Since I was responsible for prompting the creation of this topic I suppose I should comment. I'm not entirely sure where to start. I find it shocking that an instructor (coach?) who has been out of skiing for 10 years is now inventing technique (that by the looks of the video is antiquated by 15+ years) and preaching what is or is not a carved turn... especially when by his own admission he does not have this new carving thing "figured out". Rick's first post stating that the turns are a pivot, smear, and edge set are right on. In addition to Rick's analysis I would also add that there is a violent (beyond noticeable) push off the outside ski (into upward unweighting)... many times into a wedge entry. Combined with the initial comments by Nail about "pushing", "twisting", and "stomping" I think we can safely say that this is NOT a carved turn by any stretch of the definition - regardless of how liberal your definition might be.
That said, I am not one that defines carved turns as only arc-to-arc railroad track turns. I think that the ability to use the full spectrum of "carving" is what creates the best skiers - those who can ski arc-to-arc and in smeared/brushed/scarved turns equally well. So, carving movements can still be used for a non-RR track turn - however, they don't look like what is presented in Nailbender's video at all. Further, aren't we talking about bump skiing here? Flexing? Extending? Isn't terrain absorption important in that arena? It seems to be important for the bump competitors that everyone is linking to. Nailbender's skiing doesn't look like that either. From the looks of the base mechanics of his turn, the only option for terrain absorption is prior to and during the hard edge set and subsequent explosive extension in transition - which is opposite of how I ski bumps... and opposite of what I see in most of the WC bump skiing videos that have been posted in this thread.
My advice [to Nail] would be to do some serious
research, not only on modern technique, but also on what modern skis are capable of and how they are designed to be skied (talk to racers, not instructors). The skiing that is demonstrated in Nailbender's video is not anything I would ever emulate, or teach anyone to emulate. Sure, the skiing is very athletic and might be difficult for those not already comfortable on skis to manage, but that is about it. Low level skiers might be enamored by this kind of skiing, but those who know better [a lot of the ski teaching industry] won't be. Basing a teaching system/method on this kind of skiing would be like basing commercial air travel on the successes of the Hindenburg. Disaster.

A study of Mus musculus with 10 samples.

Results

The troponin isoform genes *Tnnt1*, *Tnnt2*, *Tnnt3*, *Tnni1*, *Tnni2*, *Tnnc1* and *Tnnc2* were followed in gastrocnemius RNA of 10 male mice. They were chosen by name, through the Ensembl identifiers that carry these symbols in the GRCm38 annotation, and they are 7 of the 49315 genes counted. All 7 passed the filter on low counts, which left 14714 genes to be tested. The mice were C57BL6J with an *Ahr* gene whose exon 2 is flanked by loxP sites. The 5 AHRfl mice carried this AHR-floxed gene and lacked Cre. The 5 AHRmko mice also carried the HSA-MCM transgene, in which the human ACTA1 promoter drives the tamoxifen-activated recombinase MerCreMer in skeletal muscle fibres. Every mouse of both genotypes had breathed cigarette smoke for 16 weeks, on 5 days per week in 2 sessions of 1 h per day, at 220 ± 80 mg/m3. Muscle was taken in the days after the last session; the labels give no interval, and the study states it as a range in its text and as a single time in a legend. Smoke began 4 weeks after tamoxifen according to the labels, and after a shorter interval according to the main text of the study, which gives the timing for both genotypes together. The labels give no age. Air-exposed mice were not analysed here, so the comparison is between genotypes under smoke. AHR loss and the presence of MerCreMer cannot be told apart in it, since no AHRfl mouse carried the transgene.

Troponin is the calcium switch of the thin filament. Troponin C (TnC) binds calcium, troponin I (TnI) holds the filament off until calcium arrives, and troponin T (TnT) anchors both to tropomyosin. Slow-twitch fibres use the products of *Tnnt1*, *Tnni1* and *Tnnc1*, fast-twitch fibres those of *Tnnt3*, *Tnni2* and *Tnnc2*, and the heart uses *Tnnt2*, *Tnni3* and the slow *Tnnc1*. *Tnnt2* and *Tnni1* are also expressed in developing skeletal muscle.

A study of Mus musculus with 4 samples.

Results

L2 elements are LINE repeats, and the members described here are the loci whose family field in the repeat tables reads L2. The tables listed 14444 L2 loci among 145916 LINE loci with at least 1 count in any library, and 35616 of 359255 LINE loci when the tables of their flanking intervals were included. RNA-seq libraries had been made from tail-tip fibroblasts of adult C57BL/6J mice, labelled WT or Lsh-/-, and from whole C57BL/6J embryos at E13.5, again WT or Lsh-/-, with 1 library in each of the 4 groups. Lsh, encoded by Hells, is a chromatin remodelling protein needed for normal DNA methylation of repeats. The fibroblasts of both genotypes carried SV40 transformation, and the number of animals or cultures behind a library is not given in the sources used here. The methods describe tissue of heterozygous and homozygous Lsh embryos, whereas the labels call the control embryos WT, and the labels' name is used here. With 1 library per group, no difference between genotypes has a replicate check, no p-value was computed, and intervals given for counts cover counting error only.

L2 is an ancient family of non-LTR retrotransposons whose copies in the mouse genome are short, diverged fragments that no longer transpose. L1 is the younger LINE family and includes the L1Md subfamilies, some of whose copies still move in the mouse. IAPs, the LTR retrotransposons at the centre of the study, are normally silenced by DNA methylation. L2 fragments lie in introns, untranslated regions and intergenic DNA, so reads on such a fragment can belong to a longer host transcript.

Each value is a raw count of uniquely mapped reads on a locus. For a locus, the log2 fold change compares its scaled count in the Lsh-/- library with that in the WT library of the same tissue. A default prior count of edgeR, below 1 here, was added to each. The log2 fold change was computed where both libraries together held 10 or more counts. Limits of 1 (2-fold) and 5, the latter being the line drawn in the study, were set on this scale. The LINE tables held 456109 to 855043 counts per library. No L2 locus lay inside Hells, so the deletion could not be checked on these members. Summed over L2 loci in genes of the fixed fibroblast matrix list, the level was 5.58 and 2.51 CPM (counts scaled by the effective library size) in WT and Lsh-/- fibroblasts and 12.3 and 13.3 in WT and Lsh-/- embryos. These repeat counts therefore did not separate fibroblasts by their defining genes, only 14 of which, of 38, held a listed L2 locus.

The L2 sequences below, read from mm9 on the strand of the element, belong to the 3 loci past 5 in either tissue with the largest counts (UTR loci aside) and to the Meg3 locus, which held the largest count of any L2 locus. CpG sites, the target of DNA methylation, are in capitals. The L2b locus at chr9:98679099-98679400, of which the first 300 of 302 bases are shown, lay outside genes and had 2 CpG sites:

Nailbender, I envy opening up more of the mountain to other skiers by teaching them to handle variable terrain with a short turn that can be applied to any situation [that may or may not be penetrable by bullets (attempt at humor)]. I think that you are overlooking many important aspects of all mountain skiing, as well as introducing movements to skiers that will ultimately hurt their progress more than it will help. Things like the hard edge sets, the gross push off, the lack of any direction change or edge engagement pre-fall line, the lack of terrain absorption opportunity (even you get tossed around a few times in your video shot on International, imagine a novice trying to use this technique), the lack of use of the side cut of the ski (we could put you on straight skis and not notice a difference in your turns...), the WEDGE ENTRY to the turn, rotation that looks more like a heel push as opposed to coming from the center of the foot [had to appease the PSIA guys], the lack of any evidence of edge use until the hard edge set at the very end of the turn, and almost no evidence of actively tipping the skis onto edge are all extreme weaknesses of teaching people to ski like this.Here is a compilation of bump skiing
that you might find of interest and use (your skiing doesn't look like this either). I think it is one of the best examples of all mountain bump skiing on the web. You are clearly a skilled, very athletic skier. People who are learning do not have those advantages. Changing your approach shouldn't be difficult for you as long as you are willing to see what needs to change and then make the effort to implement those changes. I think that it would serve your skiing and your teaching very well (my opinion of course).